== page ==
Lockheed Martin has received two contracts totaling $218 million for the Demonstration Phase of the Defense Advanced Research Project Agency's (DARPA) Long Range Anti-Ship Missile (LRASM) program.
The program encompasses the rapid development and demonstration of two distinct variants of the LRASM missile: LRASM-A is a stealthy air-launched variation and LRASM-B is a high-speed ship-launched missile.
Lockheed Martin's LRASM-A team received a $60.3 million cost plus fixed fee contract to execute two air-launched demonstrations, leveraging its Joint Air-to-Surface Standoff Missile – Extended Range (JASSM-ER) experience and demonstrating Navy and Air Force tactical aircraft employment.
Lockheed Martin's LRASM-B team received a $157.7 million cost plus fixed-fee contract to complete four Vertical Launch System (VLS) demonstrations, proving applicability to Navy surface combatants. Both LRASM-A and LRASM-B designs plan to support air-launch and VLS-launch configurations.
"Both of our LRASM solutions will deliver extraordinary range, willful penetration of ship self defense systems and precise lethality in denied combat environments," said Rick Edwards, vice president of Tactical Missiles and Combat Maneuver Systems at Lockheed Martin Missiles and Fire Control. "The maturity of these weapons and technologies allows near term transition to Navy magazines at an affordable price. These are low risk, practical options with the Navy initiating studies of anti-surface warfare capability."
The joint DARPA/U.S. Navy LRASM program was initiated in 2009 to deliver a new generation of highly capable anti-ship weapons. Current anti-ship weapons possess limited range and lethality. As at-sea warfare advances, a new generation of standoff anti-ship weapons systems are needed.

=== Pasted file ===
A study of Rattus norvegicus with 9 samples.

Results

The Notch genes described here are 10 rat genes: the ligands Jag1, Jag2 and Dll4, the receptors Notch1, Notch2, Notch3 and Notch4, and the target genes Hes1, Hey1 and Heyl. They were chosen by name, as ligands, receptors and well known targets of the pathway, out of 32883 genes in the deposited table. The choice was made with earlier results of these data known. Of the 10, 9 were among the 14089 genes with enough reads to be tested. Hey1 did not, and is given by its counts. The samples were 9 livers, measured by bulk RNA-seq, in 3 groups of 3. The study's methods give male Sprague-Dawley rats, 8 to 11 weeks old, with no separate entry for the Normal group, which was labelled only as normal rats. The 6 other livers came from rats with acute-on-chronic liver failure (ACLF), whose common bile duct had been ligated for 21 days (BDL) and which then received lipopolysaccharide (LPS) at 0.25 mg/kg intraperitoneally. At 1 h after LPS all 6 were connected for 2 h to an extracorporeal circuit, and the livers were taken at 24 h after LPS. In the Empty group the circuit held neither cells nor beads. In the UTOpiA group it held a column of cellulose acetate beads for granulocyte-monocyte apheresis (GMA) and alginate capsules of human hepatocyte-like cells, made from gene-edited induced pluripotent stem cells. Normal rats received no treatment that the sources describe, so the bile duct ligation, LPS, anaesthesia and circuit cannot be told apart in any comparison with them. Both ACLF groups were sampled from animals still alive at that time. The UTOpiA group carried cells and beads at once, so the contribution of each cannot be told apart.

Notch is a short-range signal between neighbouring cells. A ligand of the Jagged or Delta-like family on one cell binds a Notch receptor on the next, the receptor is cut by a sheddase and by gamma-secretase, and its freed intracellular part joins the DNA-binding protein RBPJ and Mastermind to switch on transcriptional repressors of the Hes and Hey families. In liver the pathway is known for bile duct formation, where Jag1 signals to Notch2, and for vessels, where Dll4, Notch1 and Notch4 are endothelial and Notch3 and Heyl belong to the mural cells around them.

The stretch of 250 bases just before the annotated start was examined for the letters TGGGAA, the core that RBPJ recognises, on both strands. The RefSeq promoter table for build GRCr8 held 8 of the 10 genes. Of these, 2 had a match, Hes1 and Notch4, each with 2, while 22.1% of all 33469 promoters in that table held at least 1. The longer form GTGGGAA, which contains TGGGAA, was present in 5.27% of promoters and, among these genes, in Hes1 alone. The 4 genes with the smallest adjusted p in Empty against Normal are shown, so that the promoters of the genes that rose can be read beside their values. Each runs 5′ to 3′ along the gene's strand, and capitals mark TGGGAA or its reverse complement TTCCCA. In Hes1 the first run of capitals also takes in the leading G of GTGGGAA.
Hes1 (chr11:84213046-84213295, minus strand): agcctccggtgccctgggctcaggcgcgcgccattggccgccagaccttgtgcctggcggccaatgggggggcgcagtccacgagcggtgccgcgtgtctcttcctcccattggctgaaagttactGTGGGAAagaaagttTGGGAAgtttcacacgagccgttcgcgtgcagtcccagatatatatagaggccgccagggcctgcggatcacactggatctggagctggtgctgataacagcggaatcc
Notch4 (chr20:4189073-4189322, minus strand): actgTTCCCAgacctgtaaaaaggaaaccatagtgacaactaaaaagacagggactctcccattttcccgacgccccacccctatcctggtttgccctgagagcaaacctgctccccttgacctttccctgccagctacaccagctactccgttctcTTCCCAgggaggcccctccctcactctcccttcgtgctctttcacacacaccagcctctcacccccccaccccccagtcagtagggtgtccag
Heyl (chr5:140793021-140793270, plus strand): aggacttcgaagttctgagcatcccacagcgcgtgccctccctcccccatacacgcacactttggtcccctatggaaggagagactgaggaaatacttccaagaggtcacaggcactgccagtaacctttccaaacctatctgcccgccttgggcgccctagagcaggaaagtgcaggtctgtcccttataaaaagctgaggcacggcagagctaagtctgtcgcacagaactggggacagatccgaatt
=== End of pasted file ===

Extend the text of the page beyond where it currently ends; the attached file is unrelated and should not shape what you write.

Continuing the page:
During Phase 1 of the program, preliminary designs of the LRASM-A and LRASM-B variants were successfully completed by Lockheed Martin Missiles and Fire Control. LRASM-A leverages the state-of-the-art JASSM-ER airframe, and adds additional sensors and subsystems to achieve a stealthy and survivable subsonic cruise missile. LRASM-B leverages prior ramjet development activities and a suite of supporting sensors and avionics to achieve a supersonic cruise missile with balanced speed and stealth for robust performance.
Phase 2 of the program will continue the development of both missiles and culminate in flight demonstrations of tactically relevant prototypes of both missiles, including a common sensor system from BAE Systems.
"Lockheed Martin is proud to offer our technology for Navy solutions," said Glenn Kuller, director of Tactical Missiles Advanced Programs at Lockheed Martin Missiles and Fire Control. "These LRASM contracts will demonstrate two mature tactical missiles for new generation anti-surface warfare weapons capability; one low and stealthy, the other high and fast with moderate stealth."